Structuring a One-and-Done M&A Deal
April 8, 2015
For years, LP had provided counsel to Flexan, a successful family business that made molded rubber products, with a particularly fast-growing line of sales in the health care industry. Flexan had come to trust LP with its affairs, and when it considered a massive transaction—a sale of the entire business—Flexan’s ownership group chose LP to assist them with the transaction.
Two of Flexan’s three senior executives and primary owners planned to stay with the company following the sale. All three shared a strong vision for the thriving business, but none of them had ever experienced the high-stakes process of an M&A transaction before.
• Realize maximum value for existing shareholders, while allowing the company’s management team to benefit from the future growth of the company.
• Identify a purchaser capable of taking the company to greater heights.
• Negotiate and close the deal on an accelerated schedule.
Concerns and Issues:
• The owners of the company had never been through a major M&A transaction before.
• Keeping senior executives focused on running business successfully while going through the M&A process.
• Satisfy buyer that tax issues surrounding the company’s organizational structure and Chinese operations should not impede the deal.
What We Did
The LP team led by David Solomon made the client’s comfort its top priority. Playing lawyers, coaches, and sometimes even therapists throughout the unavoidably nerve-wracking M&A deal process, LP’s legal team kept Flexan’s ownership group and its executives well informed about the process as it played out, and the steps ahead. The buyer that the Flexan team selected, a private equity firm with a focus on health care and a clear strategy for Flexan’s future, came to the table advised by lawyers from one of Chicago’s—and the country’s—largest firms. LP, which frequently sits across from such firms, negotiated a deal that achieved Flexan’s goals of securing a fair return for the company while rewarding employees for future growth. While M&A transactions typically take one to two years to complete, the deal closed in nine months, with all necessary government approvals in hand.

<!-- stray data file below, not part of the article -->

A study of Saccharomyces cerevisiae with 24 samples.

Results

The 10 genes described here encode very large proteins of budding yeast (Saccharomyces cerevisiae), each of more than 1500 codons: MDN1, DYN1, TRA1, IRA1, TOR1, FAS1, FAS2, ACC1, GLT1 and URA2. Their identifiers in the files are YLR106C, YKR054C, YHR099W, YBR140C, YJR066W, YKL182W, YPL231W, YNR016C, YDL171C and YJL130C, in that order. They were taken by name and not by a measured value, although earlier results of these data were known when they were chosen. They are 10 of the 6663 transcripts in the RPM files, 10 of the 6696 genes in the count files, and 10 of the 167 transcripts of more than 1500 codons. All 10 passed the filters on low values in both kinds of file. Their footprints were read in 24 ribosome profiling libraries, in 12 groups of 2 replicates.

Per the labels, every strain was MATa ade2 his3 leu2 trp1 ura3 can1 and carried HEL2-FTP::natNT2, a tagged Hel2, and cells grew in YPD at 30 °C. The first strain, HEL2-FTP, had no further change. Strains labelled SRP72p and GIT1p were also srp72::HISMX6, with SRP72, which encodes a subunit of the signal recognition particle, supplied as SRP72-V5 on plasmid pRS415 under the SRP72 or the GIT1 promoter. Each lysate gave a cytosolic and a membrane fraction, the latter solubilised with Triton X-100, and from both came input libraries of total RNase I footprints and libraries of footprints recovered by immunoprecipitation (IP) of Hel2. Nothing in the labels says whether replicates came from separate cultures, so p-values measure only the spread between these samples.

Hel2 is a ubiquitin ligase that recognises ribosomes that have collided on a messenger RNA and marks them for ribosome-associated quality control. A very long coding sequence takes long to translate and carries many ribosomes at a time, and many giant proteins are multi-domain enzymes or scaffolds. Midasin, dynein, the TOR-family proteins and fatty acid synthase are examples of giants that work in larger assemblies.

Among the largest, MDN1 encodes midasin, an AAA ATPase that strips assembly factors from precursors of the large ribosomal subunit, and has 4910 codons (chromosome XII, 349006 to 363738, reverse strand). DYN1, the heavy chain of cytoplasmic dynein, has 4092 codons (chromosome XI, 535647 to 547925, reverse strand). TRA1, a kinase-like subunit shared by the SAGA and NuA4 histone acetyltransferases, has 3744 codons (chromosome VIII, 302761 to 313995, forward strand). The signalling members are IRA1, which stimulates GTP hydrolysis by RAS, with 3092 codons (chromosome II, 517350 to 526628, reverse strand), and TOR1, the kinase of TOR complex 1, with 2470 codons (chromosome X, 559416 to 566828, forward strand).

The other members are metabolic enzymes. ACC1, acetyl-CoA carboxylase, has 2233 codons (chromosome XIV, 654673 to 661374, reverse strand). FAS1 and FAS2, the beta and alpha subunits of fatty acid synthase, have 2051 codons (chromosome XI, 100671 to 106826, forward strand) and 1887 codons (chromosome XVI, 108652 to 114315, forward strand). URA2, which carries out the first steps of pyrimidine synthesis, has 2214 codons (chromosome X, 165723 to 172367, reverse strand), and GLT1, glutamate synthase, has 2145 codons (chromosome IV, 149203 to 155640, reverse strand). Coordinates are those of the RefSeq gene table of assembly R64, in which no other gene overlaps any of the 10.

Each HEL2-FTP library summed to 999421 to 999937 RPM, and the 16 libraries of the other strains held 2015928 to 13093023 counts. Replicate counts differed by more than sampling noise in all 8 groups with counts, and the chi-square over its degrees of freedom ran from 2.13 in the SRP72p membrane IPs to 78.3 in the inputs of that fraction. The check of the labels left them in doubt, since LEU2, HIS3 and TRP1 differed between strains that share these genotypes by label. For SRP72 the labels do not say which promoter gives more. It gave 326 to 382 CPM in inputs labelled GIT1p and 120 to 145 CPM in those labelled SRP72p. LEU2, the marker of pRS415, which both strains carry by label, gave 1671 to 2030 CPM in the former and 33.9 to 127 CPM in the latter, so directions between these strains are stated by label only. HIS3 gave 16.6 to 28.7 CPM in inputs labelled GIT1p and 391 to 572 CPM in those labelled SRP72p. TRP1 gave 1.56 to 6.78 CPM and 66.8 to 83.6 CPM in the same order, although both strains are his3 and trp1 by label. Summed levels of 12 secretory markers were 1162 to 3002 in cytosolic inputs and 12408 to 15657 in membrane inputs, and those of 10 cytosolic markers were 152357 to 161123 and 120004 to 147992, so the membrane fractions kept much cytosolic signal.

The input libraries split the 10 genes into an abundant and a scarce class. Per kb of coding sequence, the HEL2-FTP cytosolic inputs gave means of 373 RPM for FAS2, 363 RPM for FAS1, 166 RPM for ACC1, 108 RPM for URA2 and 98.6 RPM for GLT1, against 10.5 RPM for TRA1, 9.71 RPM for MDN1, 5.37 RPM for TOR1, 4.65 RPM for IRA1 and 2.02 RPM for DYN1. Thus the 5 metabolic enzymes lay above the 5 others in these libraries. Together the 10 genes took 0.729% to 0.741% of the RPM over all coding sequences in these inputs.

To ensure things went smoothly, David Solomon enlisted lawyers from various LP departments—environmental, employment and tax among them—to advise on issues as they arose. Tax partner David Blum, for instance, counseled on the tax issues involved with the deal structure proposed by the buyer and on the company’s existing corporate structure that could have become a source of buyer concern.
The family that started Flexan has been rewarded with wealth to last generations, and Flexan’s future looks just as promising.